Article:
Friday, October 28, 2011

Death is a Cabernet by Ken Dalton

An old school mate sends Pinky a picture of a purple corpse and begs for his help to find the real murderer. The corpse? Paul Hellman, the world famous winemaker, who was murdered when he was stuffed, head first, into in stainless steel tank filled with cabernet sauvignon.
While Pinky ponders if he wants to help his college chum, Bear and Flo discover that Pinky had them steal a computer printout from an organized crime boss in Las Vegas. Concerned there could be a price on his head, Pinky flees to the California wine country to help his friend and to hide from the Vegas hit man.

In Death is a Cabernet, Pinky, Bear, Flo, and a new sidekick, have to deal with death threats—a dubious Public Defender—a ferret-faced innkeeper—a pair of knockout twins—a dominatrix—a blind grandpa—and many other memorable characters as the dynamic quartet work their way through floods, ground fog, phylloxera, gun shots, central valley plonk, and come very close to losing their lives to uncover the real killer of Paul Hellman.

This is my second Pinky and Bear novel and I have to admit that I love the unlikely duo! Bear is a hulky bear of a man with a low mentality but a pretty high moral compass. He doesn't always go by it, but he sure tries his best. Pinky, on the other hand, is an intellectual fart. He's lovable; don't get me wrong, but not exactly the friendliest person in the world.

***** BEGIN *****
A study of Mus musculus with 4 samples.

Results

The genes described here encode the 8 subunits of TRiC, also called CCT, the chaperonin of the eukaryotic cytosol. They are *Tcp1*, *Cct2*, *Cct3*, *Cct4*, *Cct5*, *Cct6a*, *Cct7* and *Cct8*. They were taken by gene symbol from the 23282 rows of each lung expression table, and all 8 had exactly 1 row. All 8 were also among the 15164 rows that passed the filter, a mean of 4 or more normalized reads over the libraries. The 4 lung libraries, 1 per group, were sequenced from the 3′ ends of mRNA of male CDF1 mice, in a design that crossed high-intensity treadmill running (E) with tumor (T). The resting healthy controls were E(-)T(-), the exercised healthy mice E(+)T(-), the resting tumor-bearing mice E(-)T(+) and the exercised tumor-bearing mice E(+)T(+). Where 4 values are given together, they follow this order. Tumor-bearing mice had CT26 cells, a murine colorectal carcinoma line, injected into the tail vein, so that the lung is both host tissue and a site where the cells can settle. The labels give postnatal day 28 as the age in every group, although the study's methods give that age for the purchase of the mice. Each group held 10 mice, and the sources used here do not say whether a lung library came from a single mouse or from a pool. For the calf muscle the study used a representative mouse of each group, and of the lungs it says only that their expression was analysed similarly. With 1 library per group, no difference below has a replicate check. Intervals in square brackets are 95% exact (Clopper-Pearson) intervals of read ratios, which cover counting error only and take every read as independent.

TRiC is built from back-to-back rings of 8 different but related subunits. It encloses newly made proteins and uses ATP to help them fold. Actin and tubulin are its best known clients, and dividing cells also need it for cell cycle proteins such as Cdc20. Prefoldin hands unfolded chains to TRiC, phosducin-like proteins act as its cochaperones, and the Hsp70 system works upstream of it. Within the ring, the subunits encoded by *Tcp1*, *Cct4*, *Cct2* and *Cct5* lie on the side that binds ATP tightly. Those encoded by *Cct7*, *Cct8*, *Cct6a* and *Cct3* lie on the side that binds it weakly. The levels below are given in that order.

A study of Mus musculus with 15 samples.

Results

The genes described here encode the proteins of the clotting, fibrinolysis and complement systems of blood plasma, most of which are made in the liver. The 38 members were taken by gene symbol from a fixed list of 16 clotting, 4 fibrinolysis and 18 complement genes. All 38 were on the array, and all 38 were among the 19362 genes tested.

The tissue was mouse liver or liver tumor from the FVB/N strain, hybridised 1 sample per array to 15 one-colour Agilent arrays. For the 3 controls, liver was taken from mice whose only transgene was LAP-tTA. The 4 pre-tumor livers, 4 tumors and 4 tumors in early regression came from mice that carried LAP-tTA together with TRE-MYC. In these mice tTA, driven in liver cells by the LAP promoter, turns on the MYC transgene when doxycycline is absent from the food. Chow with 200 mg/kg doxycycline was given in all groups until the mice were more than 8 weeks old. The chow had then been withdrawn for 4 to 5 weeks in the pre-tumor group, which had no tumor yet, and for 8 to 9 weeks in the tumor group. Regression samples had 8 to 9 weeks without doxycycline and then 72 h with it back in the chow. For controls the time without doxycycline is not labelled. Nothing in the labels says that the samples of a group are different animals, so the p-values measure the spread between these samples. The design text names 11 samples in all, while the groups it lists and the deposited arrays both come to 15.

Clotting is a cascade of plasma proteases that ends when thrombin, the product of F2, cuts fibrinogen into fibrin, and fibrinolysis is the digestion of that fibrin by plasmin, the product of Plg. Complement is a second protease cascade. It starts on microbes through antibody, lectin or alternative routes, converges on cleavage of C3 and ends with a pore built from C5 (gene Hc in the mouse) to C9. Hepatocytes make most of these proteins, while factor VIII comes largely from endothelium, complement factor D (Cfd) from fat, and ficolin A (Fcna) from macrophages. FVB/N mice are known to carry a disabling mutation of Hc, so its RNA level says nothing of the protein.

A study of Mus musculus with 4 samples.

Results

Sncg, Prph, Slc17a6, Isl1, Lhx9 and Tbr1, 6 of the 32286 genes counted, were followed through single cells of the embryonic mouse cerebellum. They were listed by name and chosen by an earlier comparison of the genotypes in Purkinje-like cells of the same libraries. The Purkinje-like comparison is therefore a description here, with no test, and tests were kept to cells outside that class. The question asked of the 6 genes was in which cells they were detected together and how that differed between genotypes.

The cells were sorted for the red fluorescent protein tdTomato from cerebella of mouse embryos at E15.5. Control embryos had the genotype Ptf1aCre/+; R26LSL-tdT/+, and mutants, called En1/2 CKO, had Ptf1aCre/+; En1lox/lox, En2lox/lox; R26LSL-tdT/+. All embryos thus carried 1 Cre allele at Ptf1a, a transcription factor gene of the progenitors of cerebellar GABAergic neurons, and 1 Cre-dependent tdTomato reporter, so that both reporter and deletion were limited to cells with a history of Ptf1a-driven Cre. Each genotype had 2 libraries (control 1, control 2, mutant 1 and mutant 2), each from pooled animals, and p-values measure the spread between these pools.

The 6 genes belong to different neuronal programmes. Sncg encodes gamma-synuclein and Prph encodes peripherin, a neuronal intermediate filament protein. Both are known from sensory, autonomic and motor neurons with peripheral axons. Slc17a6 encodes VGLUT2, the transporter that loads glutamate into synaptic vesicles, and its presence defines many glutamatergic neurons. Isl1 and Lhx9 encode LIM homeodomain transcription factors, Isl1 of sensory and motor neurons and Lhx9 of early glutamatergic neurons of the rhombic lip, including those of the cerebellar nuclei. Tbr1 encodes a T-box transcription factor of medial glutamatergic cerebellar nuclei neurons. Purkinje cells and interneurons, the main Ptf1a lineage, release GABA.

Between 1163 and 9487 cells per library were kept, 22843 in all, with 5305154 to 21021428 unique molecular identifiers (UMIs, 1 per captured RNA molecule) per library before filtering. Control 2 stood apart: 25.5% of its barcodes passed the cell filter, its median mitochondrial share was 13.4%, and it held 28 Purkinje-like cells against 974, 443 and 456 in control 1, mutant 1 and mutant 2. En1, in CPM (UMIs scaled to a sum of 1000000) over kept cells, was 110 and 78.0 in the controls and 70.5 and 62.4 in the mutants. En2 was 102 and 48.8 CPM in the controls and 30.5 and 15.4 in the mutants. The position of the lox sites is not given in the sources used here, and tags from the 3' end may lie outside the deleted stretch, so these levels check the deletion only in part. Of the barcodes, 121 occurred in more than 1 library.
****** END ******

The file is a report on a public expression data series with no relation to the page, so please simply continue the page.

As a mystery, I have to admit that I didn't really care about who killed who and how they found him. What I found fascinating was the way that invariably something is always popping up. The nonstop chaos that most of us face in life is represented in the book, but in such a manner that it's easy to laugh about it. When it rains, it pours, but at least Dalton makes it entertaining!

Most mystery readers will want to pick this up. Be warned though! Most of the humor found in the book is sarcastic and not your every day slapstick.